UW News

December 19, 2023

Scientists reveal superconductor with on/off switches

As industrial computing needs grow, the size and energy consumption of the relevant hardware must keep up with those demands. A solution to this dilemma could lie in superconducting materials, which reduce that energy consumption exponentially. Imagine cooling a giant data center — full of constantly running servers — down to nearly absolute zero, enabling large-scale computation with incredible energy efficiency.

Researchers led by Jiun-Haw Chu, a University of Washington associate professor of physics and Clean Energy Institute researcher, and Philip Ryan, a physicist at the U.S. Department of Energy’s Argonne National Laboratory, have made a discovery that could enable this more efficient future. In a paper published Nov. 24 in Science Advances, the team reports finding a superconducting material that is uniquely sensitive to outside stimuli, enabling the superconducting properties to be enhanced or suppressed at will. This discovery could enable new opportunities for switchable, energy-efficient superconducting circuits.

Superconductivity is a quantum mechanical phase of matter in which an electrical current can flow through a material with zero resistance. This leads to perfect electronic transport efficiency. Superconductors are used in the most powerful electromagnets for advanced technologies such as magnetic resonance imaging, particle accelerators, fusion reactors and even levitating trains. Superconductors are also used in quantum computing.

Today’s electronics use semiconducting transistors to switch electric currents on and off quickly, creating the binary ones and zeroes used in information processing. Since these currents must flow through materials with finite electrical resistance, some of the energy is wasted as heat. This is why your computer heats up over time. The low temperatures needed for superconductivity — usually more than 200 degrees Fahrenheit below freezing — makes those materials impractical for hand-held devices. However, they could conceivably be useful on an industrial scale.

The research team, under the direction of Shua Sanchez — then a UW doctoral student in physics and a fellow at the UW Clean Energy Institute — examined an unusual superconducting material with exceptional tunability. This crystal is made of flat sheets of ferromagnetic europium atoms sandwiched between superconducting layers of iron, cobalt and arsenic atoms. Finding ferromagnetism and superconductivity together in nature is extremely rare, according to Sanchez, as one phase usually overpowers the other.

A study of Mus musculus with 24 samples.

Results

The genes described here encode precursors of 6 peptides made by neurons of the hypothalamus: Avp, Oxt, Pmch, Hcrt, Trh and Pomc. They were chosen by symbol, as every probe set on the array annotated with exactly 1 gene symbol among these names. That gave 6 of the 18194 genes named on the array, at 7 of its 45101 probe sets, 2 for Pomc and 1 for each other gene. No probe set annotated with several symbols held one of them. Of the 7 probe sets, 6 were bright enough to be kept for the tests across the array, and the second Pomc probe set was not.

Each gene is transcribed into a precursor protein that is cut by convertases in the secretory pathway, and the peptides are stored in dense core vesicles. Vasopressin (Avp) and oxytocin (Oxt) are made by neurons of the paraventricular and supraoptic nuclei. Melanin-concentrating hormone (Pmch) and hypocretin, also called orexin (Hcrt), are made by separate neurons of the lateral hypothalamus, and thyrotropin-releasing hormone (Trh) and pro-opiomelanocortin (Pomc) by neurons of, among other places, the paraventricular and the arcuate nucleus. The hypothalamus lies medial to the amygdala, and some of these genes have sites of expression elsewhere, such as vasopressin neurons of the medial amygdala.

“It is actually a very uncomfortable situation for the superconducting layers, as they are pierced by the magnetic fields from the surrounding europium atoms,” said Sanchez, who is now a postdoctoral researcher at the Massachusetts Institute of Technology. “This weakens the superconductivity and results in a finite electrical resistance.”

To understand the interaction of these phases, Sanchez spent a year as a resident at one of the nation’s leading X-ray light sources, the Advanced Photon Source, a DOE Office of Science user facility at Argonne. Working with physicists at the APS, Sanchez developed a comprehensive characterization platform capable of probing microscopic details of complex materials.

Using a combination of X-ray techniques, Sanchez and his collaborators showed that applying a magnetic field to the crystal can reorient the europium magnetic field lines to run parallel to the superconducting layers. This removes their antagonistic effects and allows a zero-resistance state to emerge. Using electrical measurements and X-ray scattering techniques, the researchers confirmed that they could control the behavior of the material.

“The nature of independent parameters controlling superconductivity is quite fascinating, as one could map out a complete method of controlling this effect,” said Ryan. “This potential posits several fascinating ideas including the ability to regulate field sensitivity for quantum devices.”

The team then applied stresses to the crystal with interesting results. They found the superconductivity could be either boosted enough to overcome the magnetism — even without re-orienting the field — or weakened enough that the magnetic reorientation could no longer produce the zero-resistance state. This additional parameter allows for the material’s sensitivity to magnetism to be controlled and customized.

“This material is exciting because you have a close competition between multiple phases, and by applying a small stress or magnetic field, you can boost one phase over the other to turn the superconductivity on and off,” said Sanchez. “The vast majority of superconductors aren’t nearly as easily switchable.”

Additional co-authors are Gilberto Fabbris, Yongseong Choi and Jong-Woo Kim with Argonne’s APS; Jonathan DeStefano, Elliott Rosenberg and Yue Shi of the UW Department of Physics; Paul Malinowski, a postdoctoral researcher at Cornell University; Yina Huang of the Zhejiang University of Science and Technology in China; and Igor Mazin of George Mason University. The research was funded by the National Science Foundation, the David and Lucile Packard Foundation, the U.S. Department of Energy, the National Science Foundation of China, the Chinese Ministry of Public Security and the Air Force Office of Scientific Research.

Adapted from a press release by Argonne National Laboratory.